Senator Sean Ryan And Assemblymember Kimberly Jean-Pierre Announce Signing Of Bill To Expand Funding Opportunities For Small Libraries



Legislation Amends Library Construction Aid Requirements To Remove Funding Barrier For Small And Rural Libraries

ALBANY – Today, November 17, 2021, New York State Senator Sean Ryan and Assemblymember Kimberly Jean-Pierre announced that their legislation (S.5753A/A.7060A) to expand funding opportunities for New York’s small and rural libraries has been signed into law by Governor Kathy Hochul. The bill was cosponsored by Senators John Mannion and Pam Helming.

New York’s Public Library Construction Aid Program provides grants to New York’s libraries in two different ways: grants where New York State covers 90% of construction project costs and local governments provide 10%, and grants where New York State covers 75% of construction project costs and local governments provide 25%.

The 90/10 grants are especially appealing to economically distressed areas, small libraries, and rural areas, because these local governments usually have a difficult time funding their portion of the project. Existing state law reserved just 10% of the program’s funding for 90/10 grants. The new legislation, sponsored by Senator Ryan and Assemblymember Jean-Pierre – who are respectively Chairs of the Senate and Assembly Libraries committees – increases that allocation to 50%.

Senator Sean Ryan said, “When we invest in public libraries, we are making an investment in our communities. Every year, the Library Construction Aid Program provides funding for libraries across New York State to help pay for projects like constructing community meeting spaces, updating infrastructure, and providing full accessibility to patrons with disabilities. However, many of the communities that rely most on their public libraries previously lacked the tax base to take advantage of the program. The changes we have made will help those libraries secure critical funding that was previously unavailable to them and make transformative changes that will directly benefit their communities.”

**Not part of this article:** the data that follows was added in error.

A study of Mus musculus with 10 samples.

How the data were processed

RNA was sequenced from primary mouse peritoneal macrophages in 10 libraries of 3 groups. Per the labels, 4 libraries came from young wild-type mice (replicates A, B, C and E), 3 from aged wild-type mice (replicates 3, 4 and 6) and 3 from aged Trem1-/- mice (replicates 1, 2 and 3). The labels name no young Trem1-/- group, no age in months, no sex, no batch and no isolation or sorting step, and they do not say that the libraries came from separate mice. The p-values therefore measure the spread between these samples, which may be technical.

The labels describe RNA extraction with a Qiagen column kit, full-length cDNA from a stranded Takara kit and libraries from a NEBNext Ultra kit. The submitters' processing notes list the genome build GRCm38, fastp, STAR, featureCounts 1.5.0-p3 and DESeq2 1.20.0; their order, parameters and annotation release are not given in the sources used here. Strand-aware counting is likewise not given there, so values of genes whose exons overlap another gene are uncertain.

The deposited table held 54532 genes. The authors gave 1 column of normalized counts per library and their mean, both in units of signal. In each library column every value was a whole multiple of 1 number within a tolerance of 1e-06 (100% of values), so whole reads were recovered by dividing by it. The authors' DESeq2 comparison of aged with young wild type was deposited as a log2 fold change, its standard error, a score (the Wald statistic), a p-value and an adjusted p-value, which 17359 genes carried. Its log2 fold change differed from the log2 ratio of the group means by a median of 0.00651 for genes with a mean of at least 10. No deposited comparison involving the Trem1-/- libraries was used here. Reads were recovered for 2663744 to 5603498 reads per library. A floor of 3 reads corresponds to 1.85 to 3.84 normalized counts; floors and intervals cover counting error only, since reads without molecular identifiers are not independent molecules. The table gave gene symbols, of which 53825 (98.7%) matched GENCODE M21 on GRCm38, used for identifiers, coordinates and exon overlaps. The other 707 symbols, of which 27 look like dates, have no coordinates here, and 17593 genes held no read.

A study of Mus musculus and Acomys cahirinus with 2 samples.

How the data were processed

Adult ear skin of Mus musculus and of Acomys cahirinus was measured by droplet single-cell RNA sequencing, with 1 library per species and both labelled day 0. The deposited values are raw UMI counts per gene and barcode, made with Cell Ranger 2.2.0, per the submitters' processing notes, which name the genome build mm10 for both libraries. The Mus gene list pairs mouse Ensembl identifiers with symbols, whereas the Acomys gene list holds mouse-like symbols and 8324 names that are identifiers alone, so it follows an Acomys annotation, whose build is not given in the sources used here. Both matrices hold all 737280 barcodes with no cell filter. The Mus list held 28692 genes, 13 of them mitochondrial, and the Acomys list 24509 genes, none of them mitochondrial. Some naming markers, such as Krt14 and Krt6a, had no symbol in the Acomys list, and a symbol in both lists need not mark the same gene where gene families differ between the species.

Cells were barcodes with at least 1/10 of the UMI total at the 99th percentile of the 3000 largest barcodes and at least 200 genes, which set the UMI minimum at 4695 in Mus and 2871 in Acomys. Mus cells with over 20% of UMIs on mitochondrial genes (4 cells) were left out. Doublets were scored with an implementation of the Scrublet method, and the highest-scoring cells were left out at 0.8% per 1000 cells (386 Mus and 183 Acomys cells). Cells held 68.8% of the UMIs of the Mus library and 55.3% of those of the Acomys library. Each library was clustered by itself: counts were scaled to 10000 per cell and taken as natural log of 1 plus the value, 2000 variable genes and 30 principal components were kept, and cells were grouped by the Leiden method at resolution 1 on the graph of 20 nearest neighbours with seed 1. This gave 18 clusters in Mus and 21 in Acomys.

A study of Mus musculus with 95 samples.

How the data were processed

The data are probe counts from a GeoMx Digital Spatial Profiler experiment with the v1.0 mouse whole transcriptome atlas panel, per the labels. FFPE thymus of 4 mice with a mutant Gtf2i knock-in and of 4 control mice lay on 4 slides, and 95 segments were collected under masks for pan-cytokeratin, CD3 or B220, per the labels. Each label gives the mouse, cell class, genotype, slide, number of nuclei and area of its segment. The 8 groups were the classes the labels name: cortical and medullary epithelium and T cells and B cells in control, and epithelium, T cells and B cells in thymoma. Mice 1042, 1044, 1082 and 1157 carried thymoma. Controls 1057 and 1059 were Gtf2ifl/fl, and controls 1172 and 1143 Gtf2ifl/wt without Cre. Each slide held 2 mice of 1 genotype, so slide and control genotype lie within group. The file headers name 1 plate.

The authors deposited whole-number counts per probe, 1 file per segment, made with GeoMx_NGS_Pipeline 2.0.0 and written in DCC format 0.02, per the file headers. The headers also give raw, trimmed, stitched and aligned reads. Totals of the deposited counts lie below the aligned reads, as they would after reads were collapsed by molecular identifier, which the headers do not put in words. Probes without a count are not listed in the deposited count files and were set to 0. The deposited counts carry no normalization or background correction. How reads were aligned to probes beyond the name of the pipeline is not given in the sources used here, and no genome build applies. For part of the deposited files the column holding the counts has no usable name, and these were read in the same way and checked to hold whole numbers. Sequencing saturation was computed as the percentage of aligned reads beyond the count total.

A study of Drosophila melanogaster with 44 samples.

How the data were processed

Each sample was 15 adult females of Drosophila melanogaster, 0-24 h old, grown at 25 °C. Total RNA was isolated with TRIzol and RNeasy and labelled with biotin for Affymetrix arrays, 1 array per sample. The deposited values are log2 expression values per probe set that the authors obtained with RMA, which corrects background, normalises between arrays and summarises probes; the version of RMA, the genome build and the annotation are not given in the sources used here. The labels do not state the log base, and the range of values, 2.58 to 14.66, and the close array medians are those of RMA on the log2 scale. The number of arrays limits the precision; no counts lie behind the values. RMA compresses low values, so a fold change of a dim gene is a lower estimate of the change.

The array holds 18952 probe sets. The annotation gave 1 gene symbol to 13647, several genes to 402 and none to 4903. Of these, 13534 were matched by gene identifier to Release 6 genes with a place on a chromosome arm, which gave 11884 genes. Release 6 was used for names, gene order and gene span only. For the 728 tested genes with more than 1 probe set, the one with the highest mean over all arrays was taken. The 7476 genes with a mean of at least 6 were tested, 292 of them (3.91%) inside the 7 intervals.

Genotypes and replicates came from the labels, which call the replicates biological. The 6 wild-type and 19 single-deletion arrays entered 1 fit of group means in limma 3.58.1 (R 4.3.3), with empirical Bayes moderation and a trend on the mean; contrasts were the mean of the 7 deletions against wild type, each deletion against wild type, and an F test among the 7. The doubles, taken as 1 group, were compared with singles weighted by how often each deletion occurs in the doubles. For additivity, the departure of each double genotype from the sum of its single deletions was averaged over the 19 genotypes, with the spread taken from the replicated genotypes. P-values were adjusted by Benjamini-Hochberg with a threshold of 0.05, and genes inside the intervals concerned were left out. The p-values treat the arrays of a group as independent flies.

Assemblymember Kimberly Jean-Pierre said, “Our public libraries are essential to helping our communities move forward, but unfortunately some of our smaller and more rural libraries have been left behind due in part to capital funding program requirements. By enacting this legislation, we are unlocking more financial resources for our libraries to make the critical capital investments needed to modernize their infrastructure and facilities so that the diverse needs of our communities both big and small can continue to be met.”

Senator John W. Mannion said, “We’re leveling the playing field for smaller libraries and increasing access to state funds because libraries are cornerstones of their communities. Their adaptability is key to providing access to information, services, skills, and job opportunities. Libraries also serve as a meeting place and an area of interaction that is sorely needed in our society. I was proud to cosponsor this legislation and advocate for it earlier this year when I visited the Marcellus Free Library. I extend my gratitude to Governor Hochul, Senator Sean Ryan, Assemblymember Kimberly Jean-Pierre, and Senator Pamela Helming.”

Senator Pam Helming said, “Libraries provide essential services to people of every age and are part of the heart and soul of our local communities. With this new law I was proud to help champion, our small rural libraries will have access to more funding opportunities. That’s good news for our local libraries and all those who enjoy and rely on their programs and services.”